Student Mobility pilot from the Flexibilisation zone
Students must be able to register for courses at other institutions at the click of a button. That is one of the ambitions of the Flexible education zone. To achieve this ambition, the zone is currently working on the Student Mobility pilot. Read about it in this interview with team leader Ulrike Wild.
In the pilot, the zone is collaborating with SURF, that designs and develops the technical infrastructure for the pilot. The three universities participating are Utrecht University, Wageningen University & Research and Eindhoven University of Technology, where from 2021 students can register for the courses the universities jointly make available for the pilot. From that moment on, WUR students can register for a course at TU/e or UU with the click of a button, and vice versa. In due course, this should be possible at all higher education institutions in The Netherlands.
The project is led by Ulrike Wild, one of the leaders of the Flexible education zone. We spoke with Ulrike about setting up the pilot, her expectations for students, and what it will bring to higher education in The Netherlands.
What do we achieve with the Student Mobility pilot?
Ulrike: “With the pilot, we’re realising concepts we have been talking about for a long time in higher education. We think that in the future it’ll no longer be self-evident that a student will only study at one institution, as we also illustrate in our student track “Off the beaten track”. We expect it to become the norm for students to also follow courses and study units at other institutions. This is already possible, but it presents an enormous administrative challenge. We want to make it easier for them.”
“With the pilot, we’re realising concepts that we have been talking about for a long time in higher education”
Facilitating student mobility does pose some challenges. Ulrike explains: “Enabling this mobility for students requires a different national infrastructure and a different way of offering education. You don’t just do that one day to the next. That’s why we’re starting the pilot in a small alliance of three universities. This can be scaled up later to allow more institutions to participate and eventually we want to use the infrastructure nationwide. ”
You are currently setting up the pilot. Are there things you are already running into?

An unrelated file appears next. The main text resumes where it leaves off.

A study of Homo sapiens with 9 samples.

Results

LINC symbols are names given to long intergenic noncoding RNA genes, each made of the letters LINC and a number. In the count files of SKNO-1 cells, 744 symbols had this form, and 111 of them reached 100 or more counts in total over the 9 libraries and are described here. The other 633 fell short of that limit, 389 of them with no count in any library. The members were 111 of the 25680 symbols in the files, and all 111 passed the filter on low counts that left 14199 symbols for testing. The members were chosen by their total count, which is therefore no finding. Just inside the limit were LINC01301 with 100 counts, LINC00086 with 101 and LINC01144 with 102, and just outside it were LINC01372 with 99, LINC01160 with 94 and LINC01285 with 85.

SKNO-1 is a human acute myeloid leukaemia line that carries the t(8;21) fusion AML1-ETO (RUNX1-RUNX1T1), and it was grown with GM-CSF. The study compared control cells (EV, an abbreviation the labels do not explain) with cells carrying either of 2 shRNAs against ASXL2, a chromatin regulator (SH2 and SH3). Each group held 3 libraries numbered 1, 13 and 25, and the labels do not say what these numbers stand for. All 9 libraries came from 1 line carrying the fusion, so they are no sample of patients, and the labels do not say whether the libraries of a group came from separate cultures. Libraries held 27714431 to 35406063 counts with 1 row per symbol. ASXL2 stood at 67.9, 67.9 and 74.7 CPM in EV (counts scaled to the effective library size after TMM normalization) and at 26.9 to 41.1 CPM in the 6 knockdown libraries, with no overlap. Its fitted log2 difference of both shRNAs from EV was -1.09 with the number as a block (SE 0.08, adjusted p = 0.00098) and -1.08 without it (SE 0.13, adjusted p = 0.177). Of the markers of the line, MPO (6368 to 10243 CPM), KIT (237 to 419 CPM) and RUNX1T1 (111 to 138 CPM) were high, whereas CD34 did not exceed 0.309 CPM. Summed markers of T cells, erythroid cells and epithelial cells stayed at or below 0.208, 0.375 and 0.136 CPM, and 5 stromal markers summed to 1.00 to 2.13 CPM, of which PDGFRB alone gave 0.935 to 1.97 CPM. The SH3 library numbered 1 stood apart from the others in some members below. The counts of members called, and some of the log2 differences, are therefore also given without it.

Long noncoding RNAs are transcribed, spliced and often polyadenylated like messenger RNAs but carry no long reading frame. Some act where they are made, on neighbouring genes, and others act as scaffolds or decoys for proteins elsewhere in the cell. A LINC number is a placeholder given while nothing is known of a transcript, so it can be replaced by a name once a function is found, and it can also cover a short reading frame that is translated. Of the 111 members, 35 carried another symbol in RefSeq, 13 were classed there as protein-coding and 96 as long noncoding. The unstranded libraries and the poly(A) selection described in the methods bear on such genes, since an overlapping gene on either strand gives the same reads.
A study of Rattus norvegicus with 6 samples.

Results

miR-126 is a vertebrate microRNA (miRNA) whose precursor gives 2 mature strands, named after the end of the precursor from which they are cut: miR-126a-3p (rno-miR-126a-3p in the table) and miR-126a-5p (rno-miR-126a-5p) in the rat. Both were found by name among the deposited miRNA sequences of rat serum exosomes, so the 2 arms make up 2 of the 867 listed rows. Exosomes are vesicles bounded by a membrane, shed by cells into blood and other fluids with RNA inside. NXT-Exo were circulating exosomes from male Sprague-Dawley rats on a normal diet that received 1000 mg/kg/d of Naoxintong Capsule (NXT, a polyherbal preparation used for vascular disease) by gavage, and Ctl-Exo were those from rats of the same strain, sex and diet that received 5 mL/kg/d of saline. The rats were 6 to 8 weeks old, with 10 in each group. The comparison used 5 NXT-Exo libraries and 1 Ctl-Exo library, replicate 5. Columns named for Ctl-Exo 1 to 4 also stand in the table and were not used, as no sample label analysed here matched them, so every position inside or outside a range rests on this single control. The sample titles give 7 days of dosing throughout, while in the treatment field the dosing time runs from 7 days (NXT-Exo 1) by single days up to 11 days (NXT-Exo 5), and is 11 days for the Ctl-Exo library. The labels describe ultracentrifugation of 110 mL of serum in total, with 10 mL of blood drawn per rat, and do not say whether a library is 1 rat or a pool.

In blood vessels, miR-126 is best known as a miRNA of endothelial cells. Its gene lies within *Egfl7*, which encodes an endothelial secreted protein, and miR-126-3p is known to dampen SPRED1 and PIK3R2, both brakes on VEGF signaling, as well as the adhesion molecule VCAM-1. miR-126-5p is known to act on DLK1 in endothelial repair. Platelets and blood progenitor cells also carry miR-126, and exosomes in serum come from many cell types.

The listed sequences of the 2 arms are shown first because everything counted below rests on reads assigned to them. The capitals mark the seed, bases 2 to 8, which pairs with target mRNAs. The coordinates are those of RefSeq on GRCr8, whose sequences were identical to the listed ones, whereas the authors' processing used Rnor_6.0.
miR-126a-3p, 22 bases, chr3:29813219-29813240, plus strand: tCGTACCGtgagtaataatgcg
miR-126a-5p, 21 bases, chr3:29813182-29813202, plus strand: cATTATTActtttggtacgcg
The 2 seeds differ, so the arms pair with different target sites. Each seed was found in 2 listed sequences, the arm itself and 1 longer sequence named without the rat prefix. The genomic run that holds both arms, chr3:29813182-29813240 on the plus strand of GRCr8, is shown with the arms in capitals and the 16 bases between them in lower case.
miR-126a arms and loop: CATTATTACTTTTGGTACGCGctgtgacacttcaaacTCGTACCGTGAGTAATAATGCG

Ulrike: “We’re running into everything, so to say, in the sense that it requires quite a bit of rethinking from higher education and institutions when it comes to practical matters and the current infrastructure. We want to change how student data is managed nationally, but you don’t do that in one go. We have to start developing a new system while the old one is still in use. In order to realise these changes, we have to start small with implementation and testing. And of course, we work together with existing initiatives and institutions that already work with student data and infrastructure.”
But there are also strokes of good fortune. Ulrike: “Against our expectations, the different interpretation of courses by institutions appears to be less of a problem than we anticipated. If you open a course to students from other institutions, you also need to organise this in such a way that students can study independent of place and time. It’s not convenient for UU students who live in Utrecht to travel to WUR five times a week. The COVID-19 crisis has already changed our thinking about place and time-independent study, so we expect fewer problems with it.”
What will the pilot look like for the students of the three universities in 2021?
Ulrike: “In this start-up phase, we’re looking for courses in which collaboration is logical and in which students from the three institutions could be interested. This means that we compile a portfolio with subjects that complement each other. Think, for example, of subjects related to medicine and technology, or law and nature policy.”
How does this advance higher education in The Netherlands?
Ulrike: “We have to wait and see whether students will actually use the opportunity to follow courses at other institutions. But when I look at the success of the edX Remote Access programme, I’m optimistic about this. Students can now take MOOCs from a large number of edX partners for free. There’s a lot of interest, especially in the MOOCs on data science. These are courses that we don’t offer ourselves and this way to students still have access.”
This will offer everyone the opportunity to put together an even more personal graduation programme.
Ultimately, the infrastructure and mobility possibilities must make studying for students in the Netherlands even more personalised. Ulrike: “It offers students more student mobility and will soon offer everyone the opportunity to put together an even more personal graduation programme.”